This is especially important when illuminating very small samples, as in protein microcrystallography where crystals can be on the order of a micron across and diffract weakly compared to larger crystals. Any excess scatter in these conditions will contribute unwanted noise and decrease the overall signal-to-noise ratio – an important measure of data quality. Consider an experiment where you first must take the water from a firehose and somehow get a water thread thinner than a human hair without any mist! That is akin to the scale of creating x-ray microbeam at CHESS.
One solution would be to simply block the x-rays down to the size desired, but this has the unfortunate side effect of throwing away vast numbers of photons. Fortunately, x-rays can be manipulated similar to visual light and therefore focused using optical components such as mirrors and lenses. Recently, an optical design of interest at CHESS incorporates the focusing power of x-ray compound refractive lenses (CRLs) to create an x-ray beam on the order of microns across – effectively, a microbeam.
CRLs are a linear array of x-ray lenses (Figure 1) which can focus x-rays in the energy range of 5-40keV. Typical CRLs are made of a low Z material, such as beryllium or aluminum as normal optical material (usually made of glass) readily absorbs too many x-rays to be a feasible x-ray lens material. Additionally, the x-ray refractive index for materials is slightly less than one, which has the effect of producing very long focal lengths. Thus, lenses are designed with a small radius of curvature and stacked in series to shorten the focal length to less than a meter (a very desirable specification in the sparse real estate of beamline end stations).
This past spring, MacCHESS purchased a set of CRLs for both the serial microcrystallography and BioSAXS projects to share in order to provide both projects with increased flux at very small sample footprints. The goal of these lenses is to provide a much better vertical focus than the one obtained with upstream toroidal mirrors. At 12keV (a suitable energy for serial crystallography), the CRL design specification would yield a focal length of 250mm, a gain of ~6800 over CRL-unfocused beam, and focal spot size of 9 µm by 0.8 µm – certainly within the regime of microbeam! For BioSAXS, an ideal setup at 10keV would theoretically give a CRL a focal length of 350mm, a gain of ~4000 over CRL-unfocused beam, and with spot size of 14 µm x 1 µm.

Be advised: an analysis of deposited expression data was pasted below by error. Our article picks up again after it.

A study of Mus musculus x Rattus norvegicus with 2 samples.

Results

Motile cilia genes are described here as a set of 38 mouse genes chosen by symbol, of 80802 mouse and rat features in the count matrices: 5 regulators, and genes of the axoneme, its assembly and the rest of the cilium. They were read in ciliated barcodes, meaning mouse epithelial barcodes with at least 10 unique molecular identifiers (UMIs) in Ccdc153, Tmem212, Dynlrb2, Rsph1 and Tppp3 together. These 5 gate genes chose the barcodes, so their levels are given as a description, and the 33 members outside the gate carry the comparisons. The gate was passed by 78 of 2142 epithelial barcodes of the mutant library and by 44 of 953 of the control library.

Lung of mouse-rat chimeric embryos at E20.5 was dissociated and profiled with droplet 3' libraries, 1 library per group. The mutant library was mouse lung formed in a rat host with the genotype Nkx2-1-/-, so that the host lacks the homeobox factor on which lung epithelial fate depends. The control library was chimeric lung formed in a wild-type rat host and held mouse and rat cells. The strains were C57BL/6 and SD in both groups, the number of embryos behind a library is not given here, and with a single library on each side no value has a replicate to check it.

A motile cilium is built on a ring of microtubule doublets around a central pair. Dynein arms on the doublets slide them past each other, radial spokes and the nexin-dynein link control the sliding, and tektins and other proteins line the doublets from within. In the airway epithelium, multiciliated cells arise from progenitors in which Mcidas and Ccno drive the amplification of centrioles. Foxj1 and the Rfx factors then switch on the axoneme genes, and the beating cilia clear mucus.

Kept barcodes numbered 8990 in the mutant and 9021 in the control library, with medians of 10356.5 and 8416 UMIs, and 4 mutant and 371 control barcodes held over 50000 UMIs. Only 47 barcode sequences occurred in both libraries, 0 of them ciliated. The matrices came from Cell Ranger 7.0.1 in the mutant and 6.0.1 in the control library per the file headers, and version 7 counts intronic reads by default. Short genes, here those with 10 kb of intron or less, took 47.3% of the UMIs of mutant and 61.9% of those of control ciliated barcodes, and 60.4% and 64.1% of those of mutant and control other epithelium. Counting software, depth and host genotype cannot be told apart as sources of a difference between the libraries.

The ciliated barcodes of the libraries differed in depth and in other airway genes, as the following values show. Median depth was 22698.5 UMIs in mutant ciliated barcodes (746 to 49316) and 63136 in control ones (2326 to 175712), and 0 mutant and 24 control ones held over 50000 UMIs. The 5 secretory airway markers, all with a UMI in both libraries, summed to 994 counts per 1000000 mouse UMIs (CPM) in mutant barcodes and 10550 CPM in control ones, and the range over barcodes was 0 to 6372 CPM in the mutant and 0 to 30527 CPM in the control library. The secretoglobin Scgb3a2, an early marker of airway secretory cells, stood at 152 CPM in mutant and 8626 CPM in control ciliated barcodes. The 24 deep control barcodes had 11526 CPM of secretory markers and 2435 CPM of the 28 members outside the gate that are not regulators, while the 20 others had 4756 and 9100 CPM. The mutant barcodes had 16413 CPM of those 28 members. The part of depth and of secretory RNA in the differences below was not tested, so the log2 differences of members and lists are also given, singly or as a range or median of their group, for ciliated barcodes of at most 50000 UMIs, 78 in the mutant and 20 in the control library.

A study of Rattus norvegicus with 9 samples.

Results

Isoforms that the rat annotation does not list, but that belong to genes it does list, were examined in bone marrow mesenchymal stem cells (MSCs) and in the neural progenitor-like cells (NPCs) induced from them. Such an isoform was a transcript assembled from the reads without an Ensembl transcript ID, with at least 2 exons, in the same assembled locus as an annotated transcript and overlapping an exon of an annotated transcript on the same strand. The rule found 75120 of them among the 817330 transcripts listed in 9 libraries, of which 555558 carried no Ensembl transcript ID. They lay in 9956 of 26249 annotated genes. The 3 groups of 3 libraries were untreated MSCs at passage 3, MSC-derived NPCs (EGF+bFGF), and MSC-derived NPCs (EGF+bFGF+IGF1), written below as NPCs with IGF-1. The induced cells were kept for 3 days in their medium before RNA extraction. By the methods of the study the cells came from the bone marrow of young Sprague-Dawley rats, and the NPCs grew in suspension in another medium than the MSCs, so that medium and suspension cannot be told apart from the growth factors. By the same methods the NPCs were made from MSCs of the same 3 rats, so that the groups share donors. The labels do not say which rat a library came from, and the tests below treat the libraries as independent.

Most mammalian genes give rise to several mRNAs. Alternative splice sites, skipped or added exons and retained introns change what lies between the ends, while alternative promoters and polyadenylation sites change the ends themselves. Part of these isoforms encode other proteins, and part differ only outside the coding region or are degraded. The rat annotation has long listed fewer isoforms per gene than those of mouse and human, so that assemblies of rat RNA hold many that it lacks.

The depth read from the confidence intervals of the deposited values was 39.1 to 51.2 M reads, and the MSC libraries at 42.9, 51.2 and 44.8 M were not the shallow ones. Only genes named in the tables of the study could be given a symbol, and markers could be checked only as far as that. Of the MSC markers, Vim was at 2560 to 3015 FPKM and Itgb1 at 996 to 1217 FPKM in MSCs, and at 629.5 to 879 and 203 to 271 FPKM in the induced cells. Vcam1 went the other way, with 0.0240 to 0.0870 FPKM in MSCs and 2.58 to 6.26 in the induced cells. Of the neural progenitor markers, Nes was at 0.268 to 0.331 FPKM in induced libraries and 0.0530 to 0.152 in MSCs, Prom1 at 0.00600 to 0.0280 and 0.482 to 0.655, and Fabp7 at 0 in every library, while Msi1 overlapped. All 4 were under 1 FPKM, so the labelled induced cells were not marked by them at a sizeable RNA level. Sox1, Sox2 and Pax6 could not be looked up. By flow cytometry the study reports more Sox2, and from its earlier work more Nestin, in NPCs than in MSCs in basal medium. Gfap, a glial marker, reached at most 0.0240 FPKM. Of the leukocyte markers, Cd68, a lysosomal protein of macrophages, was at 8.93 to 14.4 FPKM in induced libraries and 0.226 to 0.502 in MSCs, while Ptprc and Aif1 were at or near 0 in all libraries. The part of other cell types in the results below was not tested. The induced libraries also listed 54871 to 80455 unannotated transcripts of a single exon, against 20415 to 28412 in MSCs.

With days before CHESS user operations halted in June for the summer down, a team consisting of Richard Gillilan, Howie Joress, Arthur Woll and Jeney Wierman, assembled and briefly installed the CRLs at CHESS beamline G1 to perform an initial characterization of the lenses. Luckily, the lens stack assembly was trivial, as the alignment is provided by a v-groove within the casing with sub-micrometer precision.
Once assembled, the casing was installed on both rotational and translational stages for alignment with the beam. Four sets of large pinholes upstream and downstream from the stack of lenses aided in very quick alignment, which took only minutes to optimize. Once aligned, the beam was trimmed and shaped upstream from the stack by adjusting the beam-defining and scatter-guard slits, and the upstream mirror.
Scans of the beam were performed with cross wires at the sample position and recorded by counts with a downstream ion chamber. The team measured a 2D array of beam-perpendicular scans at the sample position over a series of focal depths, to measure where the beam waist along the beam was located. Without much optimization of the setup, the final measurement of the focal waist of the CRL-focused beam yielded an impressive 1.6 x 1011 photons per second in an 8 x 13 µm2 beam at 10keV.
With further modification of the sample environment (helium sample chamber, for example, to eliminate excess scatter from the beam), improvements to the upstream beamline, and a shift to CHESS beamline G3 at 12keV for serial crystallography, the team believes this number will improve and more closely reflect the theoretical design parameters.
Regardless, this “new” optic design holds great promise for microbeam experiments at CHESS. Both the BioSAXS and serial crystallography teams are currently designing experiments to capitalize on the increased gain and microbeam capabilities offered with the use of the CRLs.
Many thanks to Peter Beaucage who graciously gave hours from his own beamtime to allow time for this initial installation!
"Compound refractive X-ray optics" http://www.rxoptics.de, retrieved August 10 2017.
A. Snigirev, V. Kohn, I. Snigireva, A. Souvorov, and B. Lengeler, "Focusing High-Energy X Rays by Compound Refractive Lenses," Applied Optics 37, 653-662 (1998).